Abstract: We study the adoption of remote work within cities and its effect on city structure and welfare. We develop a dynamic model of a city in which workers can decide to work in the central business district (CBD) or partly at home. Working in the CBD allows them to interact with other commuters, which enhances their productivity through a standard production externality, but entails commuting costs. Switching between modes of labor delivery is costly, and workers face idiosyncratic preference shocks for remote work. We characterize the parameter set in which the city exhibits multiple stationary equilibria. Within this set, a coordination mechanism can lead to stationary equilibria in which most workers commute or most of them work partially from home. In these cases, large shocks in the number of commuters, like the recent lockdowns and self-isolation generated by the COVID-19 pandemic, can result in dynamic paths that make cities converge to a stationary equilibrium with large fractions of remote workers. Using cell-phone-based mobility data for the U.S., we document that although most cities experienced similar reductions in CBD trips during the pandemic, trips in the largest cities have stabilized at levels that are only about 60% of pre-pandemic levels. In contrast, smaller cities have, on average, returned to pre-pandemic levels. House price panel data by city show consistent changes in house price CBD-distance gradients. We estimate the model for 274 U.S. cities and show that cities that have stabilized at a large fraction of remote work are much more likely to have parameters that result in multiple stationary equilibria. Our results imply welfare losses in these cities that average 2.7%.
Abstract: We study the number, size, and location of a firm’s plants. The firm’s decision balances the benefit of delivering goods and services to customers using multiple plants with the cost of setting up and managing these plants, and the potential for cannibalization that arises as their number increases. Modeling the decisions of heterogeneous firms in an economy with a vast number of widely distinct locations is complex because it involves a large combinatorial problem. Using insights from discrete geometry, we study a tractable limit case of this problem in which these forces operate at a local level. Our analysis delivers predictions on sorting across space for industries with many plants per firm. Compared with less productive firms, productive firms place more plants in dense high-rent locations and place fewer plants in markets with low density and low rents. Controlling for the number of plants, productive firms also operate larger plants than those operated by less productive firms. We present evidence consistent with these and several other predictions using U.S. establishment-level data.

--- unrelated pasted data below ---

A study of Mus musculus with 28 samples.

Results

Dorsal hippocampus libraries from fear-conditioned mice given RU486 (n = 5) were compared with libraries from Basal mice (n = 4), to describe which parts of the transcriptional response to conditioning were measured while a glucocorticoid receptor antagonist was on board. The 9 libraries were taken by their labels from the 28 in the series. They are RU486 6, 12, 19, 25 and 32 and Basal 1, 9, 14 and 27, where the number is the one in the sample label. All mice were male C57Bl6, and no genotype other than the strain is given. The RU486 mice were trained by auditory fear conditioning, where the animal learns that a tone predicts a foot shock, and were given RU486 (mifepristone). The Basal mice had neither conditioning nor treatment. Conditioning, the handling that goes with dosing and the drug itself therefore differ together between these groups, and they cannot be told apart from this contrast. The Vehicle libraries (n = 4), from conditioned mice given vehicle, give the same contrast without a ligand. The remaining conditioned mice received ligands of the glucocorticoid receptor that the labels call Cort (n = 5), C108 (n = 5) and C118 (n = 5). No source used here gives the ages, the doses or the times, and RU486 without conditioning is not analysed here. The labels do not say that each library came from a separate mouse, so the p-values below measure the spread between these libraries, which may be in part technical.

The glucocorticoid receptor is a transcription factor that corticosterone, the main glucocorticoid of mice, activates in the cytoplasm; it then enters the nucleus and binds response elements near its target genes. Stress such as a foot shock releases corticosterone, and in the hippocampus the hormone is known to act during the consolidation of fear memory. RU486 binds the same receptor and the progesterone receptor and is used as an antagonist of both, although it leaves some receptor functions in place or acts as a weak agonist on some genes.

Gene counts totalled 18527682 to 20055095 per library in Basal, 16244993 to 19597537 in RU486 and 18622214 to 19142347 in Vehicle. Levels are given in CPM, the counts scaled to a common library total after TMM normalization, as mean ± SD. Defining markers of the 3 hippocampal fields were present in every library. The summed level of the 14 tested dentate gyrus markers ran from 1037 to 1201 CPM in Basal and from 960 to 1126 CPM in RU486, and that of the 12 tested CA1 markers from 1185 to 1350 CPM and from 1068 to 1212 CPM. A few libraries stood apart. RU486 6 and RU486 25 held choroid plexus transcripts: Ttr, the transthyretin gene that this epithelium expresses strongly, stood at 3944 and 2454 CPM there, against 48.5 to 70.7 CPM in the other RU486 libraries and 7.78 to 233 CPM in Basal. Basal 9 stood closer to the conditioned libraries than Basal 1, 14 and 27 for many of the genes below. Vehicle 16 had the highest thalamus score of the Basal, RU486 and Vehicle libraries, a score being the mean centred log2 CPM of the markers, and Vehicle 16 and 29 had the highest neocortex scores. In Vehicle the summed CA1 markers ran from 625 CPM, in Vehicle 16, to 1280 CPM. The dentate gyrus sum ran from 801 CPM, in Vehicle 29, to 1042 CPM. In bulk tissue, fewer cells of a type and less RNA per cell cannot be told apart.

Abstract: We use a simple theory of a system of cities to decompose the determinants of the city size distribution into three main components: efficiency, amenities, and frictions. Higher efficiency and better amenities lead to larger cities but also to greater frictions through congestion and other negative effects of agglomeration. Using data on MSAs in the United States, we estimate these city characteristics. Eliminating variation in any of them leads to large population reallocations, but modest welfare effects. We apply the same methodology to Chinese cities and find welfare effects that are many times larger than those in the US.
Abstract: It has long been recognized that the forces that lead to the agglomeration of economic activity and to aggregate growth are similar. Unfortunately, few formal frameworks have been advanced to explore this link. We critically discuss the literature and present a simple framework that can circumvent some of the main obstacles we identify. We discuss the main characteristics of an equilibrium allocation in this dynamic spatial framework, present a numerical example to illustrate the forces at work, and provide some supporting empirical evidence.
Empirica, 2006, 33(4): 255-266
Abstract: We study the prediction of the theory in Rossi-Hansberg [Rossi-Hansberg E (2005) Am Econ Rev 95(5):1464–1491] that, under quite general circumstances, lower transport costs increase specialization of regions or countries and decrease (regional) concentration of industries. This prediction contradicts the contention of other models and many empirical papers that specialization and concentration should move in parallel. We use two data sets on manufacturing industries across US States and EU member countries to show specialization and concentration do not develop in parallel. The empirical data replicates some of the features of the divergence predicted in the model.
Abstract: The equilibrium relationship between trade and the spatial distribution of economic activity is fundamental to the analysis of national and regional trade patterns, as well as to the effect of trade frictions. We study this relationship using a trade model with a continuum of regions, transport costs, and agglomeration effects caused by production externalities. We analyze the equilibrium specialization and trade patterns for different levels of transport costs and externality parameters. Understanding trade via the distribution of economic activity in space naturally rationalizes the evidence on border effects and the "gravity equation".